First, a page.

Wednesday, December 2, 2009

Veg Stock

Recently empowered by making turkey stock (and desperately needing more space in my freezer), I decided to make some vegetable stock.

I'd been saving up veggie scraps in a big heavy-duty zip-top bag in the freezer for just this purpose: carrot ends, onion ends, chard stems, herb stems, slightly soft squash, potatoes, tomatoes, and wilted greens, among other things. Almost any vegetable scrap is fair game so long as it's not too far gone. The bag was full, so the time was now...

Vegetable Stock
Adapted from Basic Vegetable Stock, page 73, Moosewood Restaurant Low-Fat Favorites, 1996

Approximately 6 cups of assorted veggies (avoid sulfurous* ones)
1 potato, cut into quarters
2 tsp peppercorns
1 bay leaf
2 tsp thyme
1 clove of garlic, smashed
filtered water to cover
  1. Put everything into a crock-pot set on LOW for 10-12 hours. Let crock cool until comfortable enough to handle. 
  2. Put a large sturdy metal colander inside a large bowl in the sink** and line the colander with a floursack towel. Very carefully pour the contents of the slow-cooker into the lined colander. Let drain for a few minutes. Gather up the corners and sides of the towel and twist to extract more of the liquid from the vegetables.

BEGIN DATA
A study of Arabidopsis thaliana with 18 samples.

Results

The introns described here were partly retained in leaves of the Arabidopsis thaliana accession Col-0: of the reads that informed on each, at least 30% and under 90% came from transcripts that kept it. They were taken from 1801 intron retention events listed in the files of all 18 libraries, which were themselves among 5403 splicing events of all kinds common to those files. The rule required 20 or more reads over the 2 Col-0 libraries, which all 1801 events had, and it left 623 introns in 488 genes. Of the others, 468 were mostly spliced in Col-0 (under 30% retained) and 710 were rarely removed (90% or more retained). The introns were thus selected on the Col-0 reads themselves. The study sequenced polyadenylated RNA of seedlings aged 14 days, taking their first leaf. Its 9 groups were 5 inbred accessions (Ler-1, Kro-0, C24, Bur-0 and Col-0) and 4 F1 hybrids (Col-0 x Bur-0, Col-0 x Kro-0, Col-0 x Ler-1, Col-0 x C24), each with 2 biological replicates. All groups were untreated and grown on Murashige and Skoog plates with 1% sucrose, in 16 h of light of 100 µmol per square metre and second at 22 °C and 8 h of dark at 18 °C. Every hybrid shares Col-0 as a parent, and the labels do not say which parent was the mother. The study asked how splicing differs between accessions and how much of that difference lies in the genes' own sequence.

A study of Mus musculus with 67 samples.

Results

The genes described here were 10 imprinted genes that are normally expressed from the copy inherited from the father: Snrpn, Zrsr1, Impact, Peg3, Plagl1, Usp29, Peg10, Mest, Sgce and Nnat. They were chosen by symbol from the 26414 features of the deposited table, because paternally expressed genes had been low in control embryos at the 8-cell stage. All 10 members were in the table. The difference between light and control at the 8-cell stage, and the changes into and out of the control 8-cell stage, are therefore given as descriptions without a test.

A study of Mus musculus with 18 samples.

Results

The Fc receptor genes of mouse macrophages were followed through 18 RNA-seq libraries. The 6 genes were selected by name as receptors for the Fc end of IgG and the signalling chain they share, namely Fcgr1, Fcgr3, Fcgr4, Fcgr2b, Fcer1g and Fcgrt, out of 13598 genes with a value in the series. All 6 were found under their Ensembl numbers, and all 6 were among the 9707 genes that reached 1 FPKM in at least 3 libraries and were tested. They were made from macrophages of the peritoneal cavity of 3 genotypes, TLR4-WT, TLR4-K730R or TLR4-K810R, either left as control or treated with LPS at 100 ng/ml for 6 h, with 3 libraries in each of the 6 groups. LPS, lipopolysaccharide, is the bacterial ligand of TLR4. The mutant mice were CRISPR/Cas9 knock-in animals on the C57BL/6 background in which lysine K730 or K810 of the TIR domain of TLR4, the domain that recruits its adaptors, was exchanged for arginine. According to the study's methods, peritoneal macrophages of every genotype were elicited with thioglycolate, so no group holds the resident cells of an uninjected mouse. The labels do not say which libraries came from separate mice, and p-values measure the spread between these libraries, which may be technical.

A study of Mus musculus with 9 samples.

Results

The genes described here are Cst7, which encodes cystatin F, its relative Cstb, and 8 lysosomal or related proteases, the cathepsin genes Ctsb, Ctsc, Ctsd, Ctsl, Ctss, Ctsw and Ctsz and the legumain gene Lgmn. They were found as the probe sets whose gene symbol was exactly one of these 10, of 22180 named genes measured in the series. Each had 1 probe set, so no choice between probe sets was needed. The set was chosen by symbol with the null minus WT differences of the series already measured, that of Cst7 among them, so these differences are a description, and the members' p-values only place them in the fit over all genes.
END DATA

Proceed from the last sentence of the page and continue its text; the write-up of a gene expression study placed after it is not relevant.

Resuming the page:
3. Let the stock cool completely. Use within 2-3 days or divide into freezer containers, label, and freeze to use later. Yield: approximately 3.5 pints (7 cups).

My Notes: I divided mine into 1 and 2 cup portions before freezing. Make sure to leave an inch of space at the top of the containers to allow for expansion during the freezing process. (Oops!) From now on, I think I'll freeze them first and then add the lids.

 *These include: broccoli, cabbage, cauliflower, and Brussels sprouts. According to the original recipe, it's evidently a good idea to also avoid asparagus, eggplant and peppers. I imagine that's because of their strong flavor compounds. They must not play well with others...the little bullies.
**This way I don't have to lift the big heavy (and hot) crock any higher than necessary. There are enough dangers in the kitchen as it is. Thinking ahead and thinking ergonomically will help prevent pulls, strains and other mishaps.